Brooks vs. Lois?

Former Supe Ponders Congressional Run Against Capps

Brooks Firestone
Paul Wellman (file)

Former county supervisor Brooks Firestone confirmed rumors that he’s seriously considering running in the next election against Lois Capps, the Democrat who’s represented Santa Barbara in Congress since 1998. Firestone, a moderate Republican who has feuded with the hard-line conservatives in his own party almost as vehemently as he’s crossed swords with Santa Barbara’s Democratic and environmental establishment, said he’s alarmed by the course the country is taking with President Barrack Obama in the White House and the Democrats in control.

“If you aren’t concerned about the debate over health care now taking place, then you’re simply not paying attention,” said Firestone. “I’m troubled by the lack of intellectual integrity, managerial integrity; and the total adherence to power groups.” Firestone said he recognizes the need for health insurance reform and is not troubled that the federal government could play a major role. But he questioned the power that unions and other power groups have exerted over the decision-making process.

Firestone said he hasn’t made up his mind about running, but that he hasn’t heard of anyone with as much experience as he has in government and in business displaying any interest in the race. Capps, he conceded, is all but unbeatable, having trounced all opponents without breaking a sweat since the district boundaries were redrawn just prior to the 2000 election. Capps’s district — the 23rd — hugs a thin stretch of coast along Santa Barbara and San Luis Obispo counties where Democrats comprise a strong majority of registered voters. Critics of the re-districting refer to the 23rd as “the ribbon of shame.”

“It’s probably the worst idea I’ve had,” said Firestone. “Look, I’m 73, I’m retired, I’m singing, and I just finished a book of animal stories I’d been working on for 25 years. I don’t need this,” he said. “But I’m very concerned about where our country is headed.” Firestone said he’s been encouraged to run, though he declined to state by whom.

Should he decide to throw his hat into the ring, it will not be the first time Firestone has run for Congress. The first time was in 1998, when Lois Capps was running to fill the vacancy created when her husband Walter Capps — elected to Congress in 1996 — died in 1997. At that time, Firestone was running for the office of lieutenant governor of California. Republican bigwigs including former President Gerald Ford urged him to run for Congress instead, for the good of the party. But Firestone — who during his two terms in the State Assembly had garnered a reputation as a moderate — was slaughtered in the Congressional primary elections by fellow Republican Tom Bordonaro, an arch conservative.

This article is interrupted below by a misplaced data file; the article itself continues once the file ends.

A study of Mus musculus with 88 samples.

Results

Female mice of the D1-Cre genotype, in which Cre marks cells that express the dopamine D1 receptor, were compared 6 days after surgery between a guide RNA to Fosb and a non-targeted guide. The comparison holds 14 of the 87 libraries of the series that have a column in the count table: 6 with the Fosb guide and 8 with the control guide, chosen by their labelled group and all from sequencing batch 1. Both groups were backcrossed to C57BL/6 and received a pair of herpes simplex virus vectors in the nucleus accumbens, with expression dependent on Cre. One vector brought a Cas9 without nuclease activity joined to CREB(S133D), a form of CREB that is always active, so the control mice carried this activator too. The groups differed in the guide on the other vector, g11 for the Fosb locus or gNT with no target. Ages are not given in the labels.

“The right wing of the Republican Party rose up and killed me,” Firestone recalled. Bordonaro subsequently lost to Capps, about whom Firestone commented, “I’ve been going along with Lois as all right, no big deal, we can survive it, very liberal, not brilliant but okay, we can get along. But now I see what that means for the whole country. I’m worried.”

Following his defeat in 1998, Firestone ran for 3rd District Supervisor, campaigning as a “bridge builder” between the environmentalists and the agricultural interests, whose nonstop political battles defined the tone and tenor of county politics. Once in office, Firestone did little to reach out to the environmental side of the equation, however, and relations between the factions grew even more polarized under his watch. Well before Firestone’s second term expired, he held a press conference to announce that he intended to seek re-election in attempt to quell rumors that he’d run out of steam for the job. But shortly after that, he announced that he would not, in fact, be running after all.

This on-again, off-again posture hampered efforts by party stalwarts to wage a unified campaign behind one candidate. As a result, two conservative candidates ran against Doreen Farr, who was the liberal candidate embraced by enviros north and south of the Gaviota Tunnel. Farr won decisively; the candidate backed by Firestone, Dave Smyser, all but disappeared in the effort.